Inside Holyrood: Don’t be mealy mouthed in support of oil and gas workers particularly when others like salmon farmers and gamekeepers all face 'a barrage of armchair critics' mouthing off from 'a sedentary and usually metropolitan position'
The work is there to be done; to lift the nation from the despondency, pain, costs and frustration of Covid and all its complicated restrictions. To advance the cause of fair investment in the Highlands’ transport links – it is surely now our turn.
But also, to support our workers across the country and especially those who face criticism from many who profess to know better. These new “minorities” of our time include workers in our salmon farming industry, the oil and gas world, gamekeepers and even our farmers.
They all face a barrage of armchair critics who impart superior knowledge from a sedentary and usually metropolitan position.
We as a country will continue to need a thriving oil and gas industry for many decades to come, as indeed even the climate change committee have stated. Therefore, let us not be mealy mouthed and half-hearted in our support of their work.
Where would the heat and light come from for our homes and businesses? What would the hydrocarbon-based anaesthetic drugs come from? What about the oil-derived plastics essential for so much equipment in our operating theatres? What about travel whether by car, train, road, plane or ferry?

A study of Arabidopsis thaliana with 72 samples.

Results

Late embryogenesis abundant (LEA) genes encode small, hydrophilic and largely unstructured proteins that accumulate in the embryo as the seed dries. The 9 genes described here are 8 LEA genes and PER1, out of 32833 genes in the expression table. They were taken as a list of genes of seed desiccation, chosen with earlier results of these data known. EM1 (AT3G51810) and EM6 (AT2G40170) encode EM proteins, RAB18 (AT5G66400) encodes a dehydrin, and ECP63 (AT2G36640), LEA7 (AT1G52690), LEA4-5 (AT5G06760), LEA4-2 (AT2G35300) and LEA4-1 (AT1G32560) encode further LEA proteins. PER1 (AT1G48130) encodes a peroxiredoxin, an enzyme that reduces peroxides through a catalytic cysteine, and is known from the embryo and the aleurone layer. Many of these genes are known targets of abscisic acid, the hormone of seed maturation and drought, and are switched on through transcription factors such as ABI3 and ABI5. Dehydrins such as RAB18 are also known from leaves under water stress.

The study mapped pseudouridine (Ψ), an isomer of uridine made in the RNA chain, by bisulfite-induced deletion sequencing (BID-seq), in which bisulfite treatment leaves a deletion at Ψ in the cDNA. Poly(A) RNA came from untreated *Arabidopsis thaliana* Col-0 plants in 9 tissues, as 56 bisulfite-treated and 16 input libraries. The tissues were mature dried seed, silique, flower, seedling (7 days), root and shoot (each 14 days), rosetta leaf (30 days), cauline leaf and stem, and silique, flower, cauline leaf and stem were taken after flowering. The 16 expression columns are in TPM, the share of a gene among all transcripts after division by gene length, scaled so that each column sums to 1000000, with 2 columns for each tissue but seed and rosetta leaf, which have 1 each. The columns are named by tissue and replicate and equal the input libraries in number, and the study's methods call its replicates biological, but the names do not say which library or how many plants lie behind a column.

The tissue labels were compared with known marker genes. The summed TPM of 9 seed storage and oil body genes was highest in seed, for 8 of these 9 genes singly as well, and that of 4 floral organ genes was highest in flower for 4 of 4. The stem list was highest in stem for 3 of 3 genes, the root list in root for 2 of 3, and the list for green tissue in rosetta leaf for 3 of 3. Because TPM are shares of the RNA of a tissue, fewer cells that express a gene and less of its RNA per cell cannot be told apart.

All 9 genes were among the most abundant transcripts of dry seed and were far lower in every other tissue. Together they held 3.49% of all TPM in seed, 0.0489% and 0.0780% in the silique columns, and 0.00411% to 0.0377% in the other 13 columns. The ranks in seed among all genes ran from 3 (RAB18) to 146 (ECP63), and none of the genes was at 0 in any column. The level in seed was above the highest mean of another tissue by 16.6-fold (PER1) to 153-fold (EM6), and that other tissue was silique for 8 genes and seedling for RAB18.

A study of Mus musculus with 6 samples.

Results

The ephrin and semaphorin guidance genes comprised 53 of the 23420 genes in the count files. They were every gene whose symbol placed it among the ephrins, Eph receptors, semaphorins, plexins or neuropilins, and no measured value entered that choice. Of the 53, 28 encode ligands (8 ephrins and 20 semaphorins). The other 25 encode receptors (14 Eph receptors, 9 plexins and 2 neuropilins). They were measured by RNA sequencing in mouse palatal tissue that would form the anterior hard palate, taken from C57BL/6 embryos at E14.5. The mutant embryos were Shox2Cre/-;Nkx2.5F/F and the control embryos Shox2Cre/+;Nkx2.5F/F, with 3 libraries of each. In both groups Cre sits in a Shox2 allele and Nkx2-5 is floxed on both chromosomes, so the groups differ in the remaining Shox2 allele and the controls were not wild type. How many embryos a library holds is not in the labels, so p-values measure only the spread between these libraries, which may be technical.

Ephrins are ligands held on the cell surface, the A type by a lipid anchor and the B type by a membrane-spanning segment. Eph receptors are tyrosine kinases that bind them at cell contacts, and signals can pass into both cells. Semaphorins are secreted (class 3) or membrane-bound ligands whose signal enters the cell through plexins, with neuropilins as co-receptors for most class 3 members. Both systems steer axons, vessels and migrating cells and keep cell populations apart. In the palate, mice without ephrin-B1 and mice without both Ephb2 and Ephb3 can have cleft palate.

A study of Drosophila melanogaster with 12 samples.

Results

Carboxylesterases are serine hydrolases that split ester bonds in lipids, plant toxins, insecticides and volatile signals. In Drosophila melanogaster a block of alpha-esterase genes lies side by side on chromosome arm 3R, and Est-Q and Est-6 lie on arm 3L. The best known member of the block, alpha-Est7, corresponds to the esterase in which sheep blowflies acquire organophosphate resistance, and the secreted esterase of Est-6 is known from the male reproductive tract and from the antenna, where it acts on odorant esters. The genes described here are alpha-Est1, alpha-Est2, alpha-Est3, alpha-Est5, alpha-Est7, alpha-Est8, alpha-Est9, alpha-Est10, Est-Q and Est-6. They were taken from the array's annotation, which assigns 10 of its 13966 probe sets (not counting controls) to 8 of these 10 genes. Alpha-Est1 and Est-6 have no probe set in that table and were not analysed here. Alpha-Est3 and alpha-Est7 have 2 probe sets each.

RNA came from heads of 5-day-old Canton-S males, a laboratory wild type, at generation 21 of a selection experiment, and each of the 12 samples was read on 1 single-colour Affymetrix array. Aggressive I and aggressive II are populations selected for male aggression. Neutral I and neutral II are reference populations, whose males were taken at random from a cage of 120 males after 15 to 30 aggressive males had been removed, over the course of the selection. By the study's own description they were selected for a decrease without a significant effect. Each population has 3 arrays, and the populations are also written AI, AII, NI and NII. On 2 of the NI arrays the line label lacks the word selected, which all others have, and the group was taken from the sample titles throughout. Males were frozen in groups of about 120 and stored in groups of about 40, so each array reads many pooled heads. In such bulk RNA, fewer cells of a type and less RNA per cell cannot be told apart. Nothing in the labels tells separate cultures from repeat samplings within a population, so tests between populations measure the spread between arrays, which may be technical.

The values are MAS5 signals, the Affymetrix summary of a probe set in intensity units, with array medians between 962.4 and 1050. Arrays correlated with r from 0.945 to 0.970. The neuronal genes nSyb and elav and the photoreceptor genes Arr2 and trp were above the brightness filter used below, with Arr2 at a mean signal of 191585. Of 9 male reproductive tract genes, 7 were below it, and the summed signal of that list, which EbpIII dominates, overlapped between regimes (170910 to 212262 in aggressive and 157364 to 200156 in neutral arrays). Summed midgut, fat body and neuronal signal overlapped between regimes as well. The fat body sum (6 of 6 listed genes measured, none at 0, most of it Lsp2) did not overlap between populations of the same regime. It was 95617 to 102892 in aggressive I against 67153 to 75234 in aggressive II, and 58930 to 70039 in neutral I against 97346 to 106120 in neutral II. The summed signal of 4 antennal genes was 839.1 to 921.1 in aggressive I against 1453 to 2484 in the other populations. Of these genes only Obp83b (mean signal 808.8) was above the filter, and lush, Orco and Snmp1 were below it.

And since our own gas and oil has a lower carbon footprint than most other producer nations in the world, how would dispensing with domestic production not just make climate change worse, not better?!
The North Sea transition deal has seen our producers sign up to among the most ambitious emission reduction targets in the world. That is something for which they deserve praise, not denigration.
Indeed, that whole debate must be reshaped, so that we find a means of all governments in the UK supporting the sector.
A consensus can be found, to replace the brittle political rhetoric. A consensus where we value our oil and gas workers, while planning for the longer-term future of net zero. Some 100,000 of our people deserve better than to be a political football.
And in my opinion, as a veteran in politics, in that type of football, no one ever really wins.
Myself and my team – Danielle, Rebecca and Rosie – would like to take this chance to wish everyone a peaceful and very happy new year.
Best wishes to you all and your families.